CONSUMER ALERT- Attorney General Long Says Be Wary of Counterfeit Cashier’s Check Scams

PIERRE, S.D.–Attorney General Larry Long today alerted South Dakotans to the ongoing counterfeit cashier’s check scam. The fake cashier’s checks may appear to be authentic and even include a legitimate U.S. bank and routing number, but it is likely that it has been issued by a crook from Nigeria or another foreign country.

This is how the typical cashier’s check scam works. A legitimate seller is advertising an item over the internet, such as a car, computer or other valuable item. A “buyer,” often from a foreign country, contacts the seller about purchasing the item and states that he plans to use a cashier’s check issued from a bank in the U.S. The buyer tells the seller that he either mistakenly sent too large of a check, or that he will be sending a check for more than the purchase price. In either event, the seller is instructed to immediately wire the “balance” back to the buyer. The unsuspecting seller then deposits the cashier’s check in their bank account and wires the balance to the buyer. But then the cashier’s check turns out to be counterfeit and the seller loses the money that was wired.

“The counterfeit cashier’s check scam is so effective because of the authentic look of the check,” said Long. “These fraudulent checks look so authentic that even banks can be fooled. This scam’s success also depends on the wire transfer. Wiring money is the simplest way for a crook to steal money and it is untraceable. If no one wired money, we would have no victims.”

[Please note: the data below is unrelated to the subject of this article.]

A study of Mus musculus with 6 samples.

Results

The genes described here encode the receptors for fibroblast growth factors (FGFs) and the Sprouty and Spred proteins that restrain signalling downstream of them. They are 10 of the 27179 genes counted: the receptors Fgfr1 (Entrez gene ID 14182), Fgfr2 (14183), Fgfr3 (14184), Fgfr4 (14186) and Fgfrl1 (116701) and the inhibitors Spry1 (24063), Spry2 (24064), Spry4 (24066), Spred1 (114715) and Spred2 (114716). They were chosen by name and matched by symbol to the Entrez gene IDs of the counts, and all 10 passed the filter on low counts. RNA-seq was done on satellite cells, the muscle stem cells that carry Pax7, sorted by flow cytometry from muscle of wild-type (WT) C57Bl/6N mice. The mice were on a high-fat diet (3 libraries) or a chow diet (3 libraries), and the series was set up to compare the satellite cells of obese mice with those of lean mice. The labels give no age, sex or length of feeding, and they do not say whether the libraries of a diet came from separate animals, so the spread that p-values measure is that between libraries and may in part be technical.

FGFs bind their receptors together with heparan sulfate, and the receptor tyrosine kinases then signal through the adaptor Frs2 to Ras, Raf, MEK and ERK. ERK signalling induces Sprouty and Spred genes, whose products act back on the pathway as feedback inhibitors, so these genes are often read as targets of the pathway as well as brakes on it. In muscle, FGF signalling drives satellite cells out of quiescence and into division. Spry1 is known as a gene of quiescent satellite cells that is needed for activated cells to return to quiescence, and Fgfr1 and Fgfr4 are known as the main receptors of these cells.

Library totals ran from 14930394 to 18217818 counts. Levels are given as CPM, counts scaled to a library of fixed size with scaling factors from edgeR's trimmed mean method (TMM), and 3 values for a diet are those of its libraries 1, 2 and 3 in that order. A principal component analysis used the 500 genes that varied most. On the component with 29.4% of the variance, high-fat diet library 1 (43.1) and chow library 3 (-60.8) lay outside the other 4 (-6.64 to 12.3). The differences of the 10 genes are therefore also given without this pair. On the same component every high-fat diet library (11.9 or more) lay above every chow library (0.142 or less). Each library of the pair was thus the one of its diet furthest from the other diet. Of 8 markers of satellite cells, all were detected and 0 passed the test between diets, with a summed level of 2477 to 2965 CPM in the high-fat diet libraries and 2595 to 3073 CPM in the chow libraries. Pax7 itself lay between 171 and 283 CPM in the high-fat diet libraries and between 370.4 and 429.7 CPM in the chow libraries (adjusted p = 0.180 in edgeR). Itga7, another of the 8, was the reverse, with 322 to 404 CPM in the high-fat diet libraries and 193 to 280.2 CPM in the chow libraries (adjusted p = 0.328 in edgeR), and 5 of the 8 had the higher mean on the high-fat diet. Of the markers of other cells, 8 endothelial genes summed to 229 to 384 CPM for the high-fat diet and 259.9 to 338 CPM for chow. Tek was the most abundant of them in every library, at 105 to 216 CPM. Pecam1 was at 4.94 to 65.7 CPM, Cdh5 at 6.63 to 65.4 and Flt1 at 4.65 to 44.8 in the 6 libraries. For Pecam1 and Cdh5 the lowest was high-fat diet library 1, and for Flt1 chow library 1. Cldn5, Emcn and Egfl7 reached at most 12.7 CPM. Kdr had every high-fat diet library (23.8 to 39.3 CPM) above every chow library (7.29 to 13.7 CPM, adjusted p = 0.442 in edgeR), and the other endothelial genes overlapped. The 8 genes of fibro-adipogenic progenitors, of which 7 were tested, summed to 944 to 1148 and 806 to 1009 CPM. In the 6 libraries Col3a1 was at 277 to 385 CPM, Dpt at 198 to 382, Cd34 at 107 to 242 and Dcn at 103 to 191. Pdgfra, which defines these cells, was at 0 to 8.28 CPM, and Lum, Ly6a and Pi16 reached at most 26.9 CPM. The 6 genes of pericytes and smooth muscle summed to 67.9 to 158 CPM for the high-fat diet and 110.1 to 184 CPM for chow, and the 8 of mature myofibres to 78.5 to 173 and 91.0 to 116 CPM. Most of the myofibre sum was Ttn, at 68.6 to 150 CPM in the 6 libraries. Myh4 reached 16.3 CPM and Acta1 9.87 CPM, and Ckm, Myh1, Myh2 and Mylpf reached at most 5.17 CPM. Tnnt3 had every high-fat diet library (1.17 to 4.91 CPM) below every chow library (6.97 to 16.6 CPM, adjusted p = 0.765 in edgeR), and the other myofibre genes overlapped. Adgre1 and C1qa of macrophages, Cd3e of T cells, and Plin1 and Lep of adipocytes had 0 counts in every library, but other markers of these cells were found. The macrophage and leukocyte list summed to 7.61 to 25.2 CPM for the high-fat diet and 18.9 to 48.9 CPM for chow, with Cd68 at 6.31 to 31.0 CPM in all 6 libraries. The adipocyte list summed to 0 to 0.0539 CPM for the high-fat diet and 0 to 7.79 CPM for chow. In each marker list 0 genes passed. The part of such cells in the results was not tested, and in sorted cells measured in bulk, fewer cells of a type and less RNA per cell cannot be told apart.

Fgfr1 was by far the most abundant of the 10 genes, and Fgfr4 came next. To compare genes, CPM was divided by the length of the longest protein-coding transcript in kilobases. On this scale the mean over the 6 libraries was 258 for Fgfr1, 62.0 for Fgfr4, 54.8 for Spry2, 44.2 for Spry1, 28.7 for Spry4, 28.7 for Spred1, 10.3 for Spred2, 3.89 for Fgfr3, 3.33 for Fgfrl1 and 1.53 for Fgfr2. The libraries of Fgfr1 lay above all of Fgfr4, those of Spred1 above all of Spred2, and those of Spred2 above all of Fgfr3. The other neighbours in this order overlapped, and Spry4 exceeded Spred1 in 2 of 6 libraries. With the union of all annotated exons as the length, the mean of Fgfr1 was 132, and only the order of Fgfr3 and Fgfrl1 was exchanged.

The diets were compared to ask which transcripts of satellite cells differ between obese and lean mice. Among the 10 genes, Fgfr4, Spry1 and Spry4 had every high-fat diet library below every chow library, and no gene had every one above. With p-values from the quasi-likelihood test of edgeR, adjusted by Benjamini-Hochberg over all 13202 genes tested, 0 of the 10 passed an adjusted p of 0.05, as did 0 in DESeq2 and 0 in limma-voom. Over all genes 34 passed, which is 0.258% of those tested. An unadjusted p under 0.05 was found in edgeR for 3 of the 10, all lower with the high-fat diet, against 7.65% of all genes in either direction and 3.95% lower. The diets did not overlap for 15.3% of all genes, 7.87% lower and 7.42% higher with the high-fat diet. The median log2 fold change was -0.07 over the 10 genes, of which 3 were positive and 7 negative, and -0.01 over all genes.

To ensure that you do not become a victim, follow these tips whenever you are offered a cashier’s check:

  • Never accept a cashier’s check for an amount greater than the purchase price.
  • Call the bank that issued the cashier’s check when you receive it. Locate the bank’s telephone number from a reliable source, such as directory assistance or a phone book.
  • If you receive a cashier’s check, ask your bank to verify that the check is good and discuss with them the possibility of this being a scam. 
  • Be sure to wait until you can verify the authenticity of the check prior to giving the buyer the goods. 
  • Be leery of buyers who show little interest or no concern as to the condition of items they are purchasing and are mostly worried about payment.
  • Do not wire money to an unfamiliar source, EVER—it is untraceable and you will never see the money again.

South Dakota consumers or businesses with questions or concerns about this scam should contact the Consumer Protection Division at 1-800-300-1986 or http://atg.sd.gov/Consumers.aspx.